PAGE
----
UN Approves New Sanctions On North Korea: Could They Work This Time?
On March 2, the United Nations’ Security Council voted unanimously approved a resolution calling for new and enhanced sanctions on North Korea in response to their continued pursuit of a nuclear weapon and its recent ballistic missile activities.
“Today’s unanimous action by the Security Council has sent a clear message that the DPRK must return to full compliance with its international obligations,” UN Secretary-General Ban Ki-moon said in a statement.
“This firm response by the Security Council should put an end to the cycle of provocation and lead to the resumption of dialogue in accordance with the unified view of the international community,” he added.
In February, a report was sent to the Security Council detailing how North Korea was evading existing sanctions in order to continue on a course toward development of a nuclear weapon.
The European Union also is considering additional sanctions in light of the UN’s action.
However, Pyongyang’s recent “hydrogen” bomb test and its subsequent launch of a ballistic missile have shown that sanctions have to date failed to thwart North Korea’s nuclear ambitions and illicit actions.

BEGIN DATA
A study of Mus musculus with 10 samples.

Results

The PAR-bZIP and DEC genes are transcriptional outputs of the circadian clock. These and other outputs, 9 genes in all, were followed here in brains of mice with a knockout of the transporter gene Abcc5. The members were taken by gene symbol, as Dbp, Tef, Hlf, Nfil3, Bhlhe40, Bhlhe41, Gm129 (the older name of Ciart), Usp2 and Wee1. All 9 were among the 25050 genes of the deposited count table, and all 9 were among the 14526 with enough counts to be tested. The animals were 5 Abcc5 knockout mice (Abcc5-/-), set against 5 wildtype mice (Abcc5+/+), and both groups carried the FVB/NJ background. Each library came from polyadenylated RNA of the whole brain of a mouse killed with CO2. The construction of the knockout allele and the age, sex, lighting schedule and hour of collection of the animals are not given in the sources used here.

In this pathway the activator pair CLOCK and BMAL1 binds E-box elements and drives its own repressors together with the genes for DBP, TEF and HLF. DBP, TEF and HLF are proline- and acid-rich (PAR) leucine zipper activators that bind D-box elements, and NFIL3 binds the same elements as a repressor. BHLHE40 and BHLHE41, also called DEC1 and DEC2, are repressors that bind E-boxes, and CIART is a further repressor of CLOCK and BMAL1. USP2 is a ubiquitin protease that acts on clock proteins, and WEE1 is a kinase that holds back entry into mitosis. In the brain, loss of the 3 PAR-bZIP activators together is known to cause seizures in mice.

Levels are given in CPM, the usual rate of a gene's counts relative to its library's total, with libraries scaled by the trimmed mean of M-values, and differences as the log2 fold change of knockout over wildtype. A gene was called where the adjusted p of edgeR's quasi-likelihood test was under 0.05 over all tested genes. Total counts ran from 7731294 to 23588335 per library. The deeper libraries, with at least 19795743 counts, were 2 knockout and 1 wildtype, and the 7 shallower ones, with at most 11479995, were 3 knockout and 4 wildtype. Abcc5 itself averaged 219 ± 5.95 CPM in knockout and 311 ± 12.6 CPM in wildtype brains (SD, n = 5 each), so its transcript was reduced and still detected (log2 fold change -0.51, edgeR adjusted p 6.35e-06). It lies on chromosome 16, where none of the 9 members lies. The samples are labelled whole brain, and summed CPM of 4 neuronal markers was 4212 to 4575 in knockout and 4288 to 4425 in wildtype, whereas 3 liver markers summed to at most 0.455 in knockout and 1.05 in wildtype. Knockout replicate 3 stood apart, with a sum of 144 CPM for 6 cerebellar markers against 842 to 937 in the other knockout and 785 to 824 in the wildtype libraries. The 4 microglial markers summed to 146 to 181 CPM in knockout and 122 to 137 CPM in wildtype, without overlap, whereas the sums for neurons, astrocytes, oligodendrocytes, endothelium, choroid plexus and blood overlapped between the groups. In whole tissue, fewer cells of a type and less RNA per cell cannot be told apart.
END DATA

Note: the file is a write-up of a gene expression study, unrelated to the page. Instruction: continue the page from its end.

Furthermore, almost immediately after the UN approved the tougher sanctions, South Korean media reported that Pyongyang fired several short-range missiles into the sea as a means of protest.
Their defiance underscores the difficulty in ensuring enforcement of the sanctions, but the regime in North Korea is not the only problem.
According to a report released in February, enforcement of the sanctions have been complicated by a number of African countries who have been conducting arms deals with North Korea, including Uganda, Zimbabwe, Nigeria, Tanzania, Ethiopia, and the Democratic Republic of Congo.
The report produced by the Royal United Services Institute found that while Middle East and Asian nations, such as Libya, Pakistan and the UAE, ended much of their nuclear trade with Pyongyang in response to international pressure, the North Koreans simply shifted to the African continent.
There are those, including Thomas Byrne of the Korea Society, believes sanctions might work now because China has adopted a firmer stance toward its usual ally.
Byrne notes that the new round of sanctions include those specifically targeting the nation’s commercial trade and the increased limitations placed on Pyongyang’s access to the international financial system.
“The global slump in commodities prices means the North’s exports of coal, iron ore and other commodities aren’t bringing in what they once did. Meanwhile, demand from China is also in steep decline as the Chinese economy slows. In 2015 North Korean exports to China fell 13%. The mutually reinforcing web of newly emerging international sanctions suggests that this time is different from the past,” writes Byrne in a Wall Street Journal column.